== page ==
FRIDAY, Jan. 2 (HealthDay News) -- Clearing snow from your driveway and sidewalks can be physically challenging and dangerous work, so you need to take proper health and safety precautions, says the American Academy of Orthopaedic Surgeons (AAOS).
In 2007, more than 118,000 people were treated in U.S. hospital emergency rooms, doctors' offices, clinics and other medical facilities for injuries suffered while shoveling or doing other types of snow and ice removal, according to the U.S. Consumer Product Safety Commission. That same year, there were 15,000 snow blower-related injuries, triple the number in 2006.
"People tend to think of snow removal as just another household task, but it really involves a lot of bending and heavy lifting, particularly in wet snow," AAOS spokesman Dr. Robert Dunbar said in an academy news release. "It may be especially dangerous for people who do not regularly exercise, as their bodies, specifically back, shoulder and arm muscles, may not be prepared for that level of activity."
The AAOS offered advice on how to prevent injuries while shoveling or using a snow blower
- Get your doctor's opinion about whether you should be shoveling snow. If you have a medical condition or don't exercise regularly, consider hiring someone to remove snow.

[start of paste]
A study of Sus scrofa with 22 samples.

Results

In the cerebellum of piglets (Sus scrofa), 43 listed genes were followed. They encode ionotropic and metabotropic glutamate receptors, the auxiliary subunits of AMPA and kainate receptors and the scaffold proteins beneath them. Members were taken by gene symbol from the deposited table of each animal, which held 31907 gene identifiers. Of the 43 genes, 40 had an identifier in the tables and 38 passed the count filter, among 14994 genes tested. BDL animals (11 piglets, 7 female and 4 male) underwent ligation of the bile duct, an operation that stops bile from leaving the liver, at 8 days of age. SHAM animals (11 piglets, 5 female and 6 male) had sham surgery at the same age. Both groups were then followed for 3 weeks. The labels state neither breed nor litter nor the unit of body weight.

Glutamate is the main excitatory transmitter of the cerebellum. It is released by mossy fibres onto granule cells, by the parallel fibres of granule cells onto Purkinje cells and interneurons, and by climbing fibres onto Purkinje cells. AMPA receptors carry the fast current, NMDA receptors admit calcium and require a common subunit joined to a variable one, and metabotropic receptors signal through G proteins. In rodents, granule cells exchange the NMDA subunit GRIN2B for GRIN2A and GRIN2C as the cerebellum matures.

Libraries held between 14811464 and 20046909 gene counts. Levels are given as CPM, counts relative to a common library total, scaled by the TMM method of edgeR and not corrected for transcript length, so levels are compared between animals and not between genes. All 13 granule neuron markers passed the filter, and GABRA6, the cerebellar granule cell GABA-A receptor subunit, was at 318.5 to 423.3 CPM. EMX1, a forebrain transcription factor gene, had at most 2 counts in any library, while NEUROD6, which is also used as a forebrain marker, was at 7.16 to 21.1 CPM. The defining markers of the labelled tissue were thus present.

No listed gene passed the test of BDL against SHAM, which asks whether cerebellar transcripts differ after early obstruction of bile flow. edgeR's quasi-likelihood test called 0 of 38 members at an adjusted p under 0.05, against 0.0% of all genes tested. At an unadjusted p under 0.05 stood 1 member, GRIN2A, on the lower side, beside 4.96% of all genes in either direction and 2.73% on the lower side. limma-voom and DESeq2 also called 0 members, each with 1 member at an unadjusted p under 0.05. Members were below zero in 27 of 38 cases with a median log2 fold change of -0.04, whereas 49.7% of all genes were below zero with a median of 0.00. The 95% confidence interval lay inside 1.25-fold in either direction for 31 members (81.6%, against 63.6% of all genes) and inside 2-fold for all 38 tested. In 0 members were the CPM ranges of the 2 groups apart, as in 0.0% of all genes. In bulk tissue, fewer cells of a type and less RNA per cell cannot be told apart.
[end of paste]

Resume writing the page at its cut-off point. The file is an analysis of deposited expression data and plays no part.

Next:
- Wear light, layered, water-repellent clothing that provides both ventilation and insulation. It's also important to wear appropriate head coverings, as well as gloves/mittens and thick, warm socks. If you start getting too hot or cold, take a break.
- Be sure you can see what you're doing. Don't wear hats or scarves that block your vision. Watch for uneven surfaces and ice patches. Wear boots with slip-resistant soles.
- Clear snow early and often so that it doesn't build up into packed, heavy snow.
- Before shoveling, warm up your muscles with light exercise for 10 minutes. Be sure to include your leg muscles.
- Take frequent breaks and drink water to prevent dehydration.
- If you experience chest pains, shortness of breath or other signs of a heart attack, seek emergency medical care.
- Use a shovel that's comfortable for your height and strength. Don't use a shovel that's too heavy or too long for you. Push snow instead of lifting it, as much as you can. If you must lift snow, take small amounts at a time and lift with your legs. Don't throw snow over your shoulder or to the side. This requires a twisting motion that stresses your back.
- When using a snow blower, never stick your hands or feet in the machine. If snow becomes too compacted, stop the engine and wait at least five seconds. Use a solid object to clear snow or debris from the chute.
- Don't leave a snow blower unattended when it's running. If you have to leave the machine, shut off the engine.
- If you're using an electric snow blower, always keep on eye on the cord so you don't trip and fall.
The U.S. Federal Emergency Management Agency has more about winter safety.